Cocaine addiction can develop very quickly. After someone starts to abuse cocaine, it can become addicting so much faster than they may realize. But how does cocaine addiction develop? And what causes it to happen?

Factors that Influence Cocaine Addiction

There are actually many factors that influence cocaine addiction and the likelihood that someone will become addicted to the substance. As stated by the NIDA, “Genetic studies continue to provide critical information about hereditary influences on the risk of addiction to psychoactive substances, including cocaine.” It is still true that a person’s genetic background and makeup can influence their potential risk of becoming addicted to the drug, but there are actually other factors that are seen to be even more influential, such as:

  • Nutrition
  • Stress
    • Acute or chronic
  • Parenting style
  • Lifestyle
  • Setting

It has only recently come to light how important these environmental factors are on affecting cocaine addiction risk. According to a study from the NCBI, “Data from twin registries, for example, suggest that a sizable portion of the variability in the susceptibility to drug abuse is due to environmental factors that are unique to opiates or to psychostimulants.”

Because of this, someone who has a higher risk of addiction based on environmental factors may encounter the issue of these factors “influenc[ing] gene expression and thus genetic risk” (NIDA). The two types of risks together make someone highly susceptible to cocaine addiction.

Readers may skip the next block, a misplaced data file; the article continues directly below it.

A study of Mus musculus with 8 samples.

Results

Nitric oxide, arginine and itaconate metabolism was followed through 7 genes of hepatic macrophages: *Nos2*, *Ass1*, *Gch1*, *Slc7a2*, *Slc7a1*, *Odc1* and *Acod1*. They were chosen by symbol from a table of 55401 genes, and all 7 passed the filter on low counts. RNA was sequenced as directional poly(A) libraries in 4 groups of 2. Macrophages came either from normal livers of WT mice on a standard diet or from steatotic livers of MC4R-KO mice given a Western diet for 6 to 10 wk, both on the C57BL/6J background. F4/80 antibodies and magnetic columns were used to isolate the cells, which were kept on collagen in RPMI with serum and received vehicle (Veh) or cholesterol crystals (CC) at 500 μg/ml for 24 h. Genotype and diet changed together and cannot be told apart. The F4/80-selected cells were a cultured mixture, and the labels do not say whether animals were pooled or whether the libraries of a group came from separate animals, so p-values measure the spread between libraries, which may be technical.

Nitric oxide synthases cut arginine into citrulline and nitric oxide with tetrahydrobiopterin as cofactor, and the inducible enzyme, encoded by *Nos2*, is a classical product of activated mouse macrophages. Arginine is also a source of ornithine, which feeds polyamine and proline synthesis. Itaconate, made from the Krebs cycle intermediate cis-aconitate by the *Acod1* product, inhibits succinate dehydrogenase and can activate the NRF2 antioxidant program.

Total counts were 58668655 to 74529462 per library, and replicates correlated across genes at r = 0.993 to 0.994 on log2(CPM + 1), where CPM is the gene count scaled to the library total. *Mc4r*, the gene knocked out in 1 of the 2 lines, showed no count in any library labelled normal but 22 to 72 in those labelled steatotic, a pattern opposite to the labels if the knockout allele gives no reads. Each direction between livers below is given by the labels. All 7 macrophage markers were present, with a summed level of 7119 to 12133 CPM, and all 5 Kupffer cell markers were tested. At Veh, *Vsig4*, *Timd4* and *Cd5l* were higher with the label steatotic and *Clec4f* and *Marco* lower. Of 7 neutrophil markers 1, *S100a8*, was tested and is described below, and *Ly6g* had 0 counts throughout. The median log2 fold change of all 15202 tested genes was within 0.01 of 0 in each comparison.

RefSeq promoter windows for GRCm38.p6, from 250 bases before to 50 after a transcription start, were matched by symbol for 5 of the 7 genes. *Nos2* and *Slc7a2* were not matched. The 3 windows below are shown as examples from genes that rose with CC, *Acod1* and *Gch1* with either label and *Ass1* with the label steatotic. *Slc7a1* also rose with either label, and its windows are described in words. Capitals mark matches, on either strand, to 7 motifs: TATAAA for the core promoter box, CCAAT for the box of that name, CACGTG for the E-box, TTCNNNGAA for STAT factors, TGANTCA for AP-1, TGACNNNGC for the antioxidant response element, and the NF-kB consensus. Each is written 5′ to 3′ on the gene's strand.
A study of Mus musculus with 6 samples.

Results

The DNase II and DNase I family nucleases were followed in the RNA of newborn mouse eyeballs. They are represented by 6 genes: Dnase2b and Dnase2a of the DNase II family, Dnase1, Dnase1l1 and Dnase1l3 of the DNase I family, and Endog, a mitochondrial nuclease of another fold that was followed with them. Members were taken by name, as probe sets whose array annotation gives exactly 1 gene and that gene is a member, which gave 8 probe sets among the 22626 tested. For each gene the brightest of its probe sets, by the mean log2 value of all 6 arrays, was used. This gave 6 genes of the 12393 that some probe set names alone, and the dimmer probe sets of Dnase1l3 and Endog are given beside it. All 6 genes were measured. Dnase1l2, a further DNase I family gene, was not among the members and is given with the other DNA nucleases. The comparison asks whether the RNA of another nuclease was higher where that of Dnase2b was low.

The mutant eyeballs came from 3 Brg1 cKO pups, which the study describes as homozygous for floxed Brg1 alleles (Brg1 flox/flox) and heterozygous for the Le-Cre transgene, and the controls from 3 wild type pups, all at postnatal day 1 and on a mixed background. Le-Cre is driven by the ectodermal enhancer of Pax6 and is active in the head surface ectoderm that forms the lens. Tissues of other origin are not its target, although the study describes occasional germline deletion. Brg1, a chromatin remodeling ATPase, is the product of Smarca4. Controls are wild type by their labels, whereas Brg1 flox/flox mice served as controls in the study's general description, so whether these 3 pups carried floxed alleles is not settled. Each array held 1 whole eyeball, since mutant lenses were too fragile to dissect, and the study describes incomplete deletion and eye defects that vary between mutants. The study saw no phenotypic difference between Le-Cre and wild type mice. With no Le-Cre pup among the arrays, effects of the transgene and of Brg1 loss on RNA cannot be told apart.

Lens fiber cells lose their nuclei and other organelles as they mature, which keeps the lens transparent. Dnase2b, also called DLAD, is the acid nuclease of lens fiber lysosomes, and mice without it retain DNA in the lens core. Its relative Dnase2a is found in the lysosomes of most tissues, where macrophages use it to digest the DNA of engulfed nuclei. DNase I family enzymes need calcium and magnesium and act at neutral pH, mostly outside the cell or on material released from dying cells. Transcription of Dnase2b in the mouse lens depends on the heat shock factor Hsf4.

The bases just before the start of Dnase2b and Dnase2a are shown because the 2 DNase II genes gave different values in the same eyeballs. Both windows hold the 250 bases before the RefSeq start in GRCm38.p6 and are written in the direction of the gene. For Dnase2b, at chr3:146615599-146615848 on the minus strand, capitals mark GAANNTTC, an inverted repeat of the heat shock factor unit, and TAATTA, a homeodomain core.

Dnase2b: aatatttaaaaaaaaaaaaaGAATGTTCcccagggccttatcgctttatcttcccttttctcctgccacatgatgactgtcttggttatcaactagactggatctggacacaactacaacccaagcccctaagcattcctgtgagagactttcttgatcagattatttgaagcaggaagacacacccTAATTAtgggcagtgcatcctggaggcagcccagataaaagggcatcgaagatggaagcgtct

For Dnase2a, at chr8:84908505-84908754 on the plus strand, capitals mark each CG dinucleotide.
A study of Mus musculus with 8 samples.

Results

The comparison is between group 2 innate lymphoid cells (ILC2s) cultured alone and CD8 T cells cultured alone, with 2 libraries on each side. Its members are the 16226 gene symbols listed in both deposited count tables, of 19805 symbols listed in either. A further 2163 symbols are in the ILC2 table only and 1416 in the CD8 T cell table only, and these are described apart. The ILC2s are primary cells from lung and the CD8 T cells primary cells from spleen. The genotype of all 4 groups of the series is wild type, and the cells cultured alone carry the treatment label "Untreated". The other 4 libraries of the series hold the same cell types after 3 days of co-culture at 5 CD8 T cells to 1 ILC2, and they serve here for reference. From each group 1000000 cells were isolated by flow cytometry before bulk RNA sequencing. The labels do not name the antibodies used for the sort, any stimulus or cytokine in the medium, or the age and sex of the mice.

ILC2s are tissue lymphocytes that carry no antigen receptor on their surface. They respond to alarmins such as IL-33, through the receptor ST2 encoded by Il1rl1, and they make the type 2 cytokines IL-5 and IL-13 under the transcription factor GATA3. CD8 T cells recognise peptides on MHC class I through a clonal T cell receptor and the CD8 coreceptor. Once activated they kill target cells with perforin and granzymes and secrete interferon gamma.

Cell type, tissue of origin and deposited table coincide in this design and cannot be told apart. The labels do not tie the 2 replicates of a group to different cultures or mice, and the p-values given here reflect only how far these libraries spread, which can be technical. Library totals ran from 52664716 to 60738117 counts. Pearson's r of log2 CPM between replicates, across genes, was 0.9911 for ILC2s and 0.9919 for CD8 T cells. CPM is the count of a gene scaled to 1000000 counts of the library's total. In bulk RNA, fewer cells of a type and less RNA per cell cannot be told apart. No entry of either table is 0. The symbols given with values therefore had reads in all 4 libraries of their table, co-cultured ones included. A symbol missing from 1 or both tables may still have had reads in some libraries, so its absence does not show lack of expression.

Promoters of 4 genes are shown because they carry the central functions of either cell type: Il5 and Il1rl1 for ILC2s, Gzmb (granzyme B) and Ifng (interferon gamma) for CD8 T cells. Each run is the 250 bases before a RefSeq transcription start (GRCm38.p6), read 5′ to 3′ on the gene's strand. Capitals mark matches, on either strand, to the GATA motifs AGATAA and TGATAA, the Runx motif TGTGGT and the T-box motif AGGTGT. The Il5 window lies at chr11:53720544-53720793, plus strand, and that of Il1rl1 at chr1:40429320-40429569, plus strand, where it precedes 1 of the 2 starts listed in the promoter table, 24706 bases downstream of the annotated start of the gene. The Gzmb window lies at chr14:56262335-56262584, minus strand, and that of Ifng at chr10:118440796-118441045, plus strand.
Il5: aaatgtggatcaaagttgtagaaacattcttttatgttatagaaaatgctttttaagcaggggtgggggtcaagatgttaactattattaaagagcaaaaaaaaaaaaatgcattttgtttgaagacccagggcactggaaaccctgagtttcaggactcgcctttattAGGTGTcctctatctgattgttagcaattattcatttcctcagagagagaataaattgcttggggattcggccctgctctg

cocaine abuse

Cocaine has a unique impact on the brain that can lead quickly to addiction.

How Cocaine Abuse Affects the Brain

When someone starts to abuse cocaine, they are always at risk for addiction; some are merely more at risk than others. But cocaine affects the brain in such a way as to perpetuate addiction and habit.

The NIDA Teen states, “Stimulants like cocaine change the way the brain works by changing the way nerve cells communicate.” Cocaine causes a buildup of the neurotransmitter dopamine and “prevents the dopamine from being recycled” the way it normally would be. All of the dopamine that floods the brain after a person snorts or injects cocaine causes the high of the drug.

When a person abuses cocaine, the drug causes them to feel euphoria, high amounts of energy, and extreme pleasure. A person will want to feel that same effect again usually and will continue to take cocaine. “With repeated use, stimulants can disrupt how the brain’s dopamine system works, reducing a person’s ability to feel any pleasure at all.”

 

The Development of Addiction

A person who has been abusing cocaine chronically will start to feel pleasure only from cocaine. And they will need more and more of the drug over time in order to just feel the same effects as before. Some people say that they spend a long time abusing cocaine just trying to find the same high that they originally felt.

Chronic cocaine abuse will cause a person’s entire life to become about cocaine alone. Based on regular cocaine abuse and a genetic and environmental disposition that breeds it, addiction can develop so quickly, especially in those who are highly susceptible to it, that the person may not realize it until they are already in trouble.